Search for Spanish Civil War archaeology dig volunteers
A Ceredigion archaeologist is looking for volunteers to join a new International Brigade to work on a dig at a Spanish Civil War battlefield.
Salvatore Garfi, from Pontrhydygroes, set up the International Brigades Archaeology Project (IBAP) earlier this year.
He aims to take a team to Spain later this year to study the archaeological remains of the war.
About 30 volunteers have so far expressed an interest.
Mr Garfi will work with Spanish archaeologists and volunteers from different countries at the town of Belchite in north east Spain in September.
The project will take several years to complete, he said.
Loyalist Spanish Republican and General Franco's forces fought a fierce battle in and around the town in 1937.
Homage to Catalonia
A new village of Belchite was built adjacent to the ruins of the old, which remains a ghost town as a memorial to the war.
"We will be studying the landscapes of the town and the materiality of the war imprinted on the land," said Mr Garfi.
"There will be excavations, building recording and a landscape area survey.
"We will be able to compare our findings with the written evidence of the battle so we can question the truth of these accounts.
"For example, there may be written accounts of fighting in one area where there are no archaeological signs, while the archaeology might indicate hostilities in other, unknown areas, or parts of the town.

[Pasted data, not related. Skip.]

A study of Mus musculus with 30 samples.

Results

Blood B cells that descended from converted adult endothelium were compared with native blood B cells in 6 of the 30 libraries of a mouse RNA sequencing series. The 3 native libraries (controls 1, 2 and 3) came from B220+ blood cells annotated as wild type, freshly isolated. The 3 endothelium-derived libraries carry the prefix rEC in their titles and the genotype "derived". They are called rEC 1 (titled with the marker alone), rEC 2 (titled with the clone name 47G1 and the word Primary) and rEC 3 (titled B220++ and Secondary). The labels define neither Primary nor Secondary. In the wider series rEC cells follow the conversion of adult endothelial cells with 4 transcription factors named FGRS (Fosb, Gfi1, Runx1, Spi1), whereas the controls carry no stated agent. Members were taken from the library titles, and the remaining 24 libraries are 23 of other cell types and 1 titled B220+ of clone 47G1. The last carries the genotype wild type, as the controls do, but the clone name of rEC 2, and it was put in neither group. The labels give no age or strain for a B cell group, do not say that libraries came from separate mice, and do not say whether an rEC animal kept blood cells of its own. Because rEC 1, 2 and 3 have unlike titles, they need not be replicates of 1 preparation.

"We will work together to create a holistic view of what happened at Belchite."
About 4,000 people from Britain and Ireland went to fight fascism in the Spanish Civil War between 1936 and 1939 according to National Archive files.
They included writer George Orwell who recounted his experiences in his book Homage to Catalonia.
The dig is part of The Spanish Civil War Archaeology Project based in Spain, which was set up in 2006.
The types of sites studied, to date, include battlefields, prisons and concentration camps, monuments and mass graves.
"The bulk of the fighting at Belchite by loyalist troops was done by English speaking sections of the International Brigade from Britain, Canada and America," said Mr Garfi.
"A non-Spanish audience might, perhaps, dismiss the conflict as being of importance to only the Spanish people, but that would be a mistake.
"These remains are not just important to Spain, but to the world, and to the people of those other countries whose citizens went to Spain to join the international brigades."